Yes, even in the midst of the hectic holiday season, there has got to be time for books. I've committed to making the intentional lifestyle change of re-incorporating old-fashioned book reading into my schedule, despite the rush of the season.
Perhaps it is thanks to that very frenzy that I was drawn to the book that I've reserved for my December read. While everyone else is mindful of what they will be getting, come the Big Day near the end of this month, I wanted to focus on a very different kind of giving: the kind that can't give back. Perhaps that is why Conor O'Clery's 2007 title resonate with me right now—The Billionaire Who Wasn't.
You see, back in 1988, Forbes magazine—the kind of publication which should know these things—had listed billionaire Chuck Feeney as the 23rd richest living American. What Forbes had missed was the quiet maneuver masterminded by Feeney four years earlier, in which he had established The Atlantic Philanthropies by transferring the bulk of his wealth to this foundation. In other words, the billionaire he once was, he now wasn't.
Though very few knew about Chuck Feeney's generosity over the decades, by 1997, the story was out when, faced with extenuating legal circumstances, he decided to explain his mode of anonymous philanthropy through a New York Times article. "He gave away $600 million and no one knew," explained the title of Judith Miller's January 23, 1997, article.
By 2012, Forbes got over its 1988 richest-American gaffe and had dubbed Chuck Feeney "The James Bond of Philanthropy." By then, that $600 million gift tally had exceeded $6.2 billion.
Embracing a concept he dubbed "Giving While Living," Chuck Feeney is intent on divesting his foundation of its remaining holdings by next year. True to his promise, an announcement last month detailed a multi-year mega-grant to two universities—one in San Francisco, one in Dublin—to establish a Global Brain Health Institute, focused on stemming the rise of dementia.
The Conor O'Clery book that explains the Feeney story—I admit, I've already started reading—starts out with a quote of Andrew Carnegie, which states in part,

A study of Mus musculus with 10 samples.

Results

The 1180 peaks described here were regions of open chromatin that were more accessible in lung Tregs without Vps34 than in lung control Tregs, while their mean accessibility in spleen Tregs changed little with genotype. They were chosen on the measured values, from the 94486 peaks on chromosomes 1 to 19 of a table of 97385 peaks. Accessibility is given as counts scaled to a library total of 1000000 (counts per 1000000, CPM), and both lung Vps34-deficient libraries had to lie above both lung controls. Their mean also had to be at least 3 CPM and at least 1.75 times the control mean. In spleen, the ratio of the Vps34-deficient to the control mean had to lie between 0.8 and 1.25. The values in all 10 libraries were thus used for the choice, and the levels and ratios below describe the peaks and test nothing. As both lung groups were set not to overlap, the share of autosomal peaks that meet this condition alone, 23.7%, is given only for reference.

This, then, is held to be the duty of the man of wealth: first, to set an example of modest, unostentatious living, shunning display or extravagance; to provide moderately for the legitimate wants of those dependent upon him; and after doing so to consider all surplus revenues which come to him simply as trust funds which he is called upon to administer...to produce the most beneficial results for the community.
Of course, I'm certainly no billionaire. But I yearn to learn a lesson from those who have discovered how to give effectively. Then again, every one of us living in this country is rich—we just haven't broadened our perspective enough to realize that bigger picture.
Interestingly, the kernel of Chuck Feeney's philanthropic convictions may have sprung up from his own family's roots. A son of Irish-Americans, he grew up in a modest suburban neighborhood in New Jersey, just outside New York City. The author includes vignettes of Feeney's growing up days during the Great Depression, his neighborhood, his family's attitudes about hard work and getting through difficulties. That, of course, comes as no surprise to those of us keen on seeing how family history shapes each of us.
Other than the background story of Feeney's roots, there will likely be little in this book to apply to genealogy. Still, as I've realized while reading the other books I've picked up since starting this book-reading project, sometimes it's what we discover in the interface between the words we're reading and the ideas they spark that makes the difference. Having not even read this book—or any of the others on my book shelves I've yet to crack open—I already can predict that this is where the value lies in reading.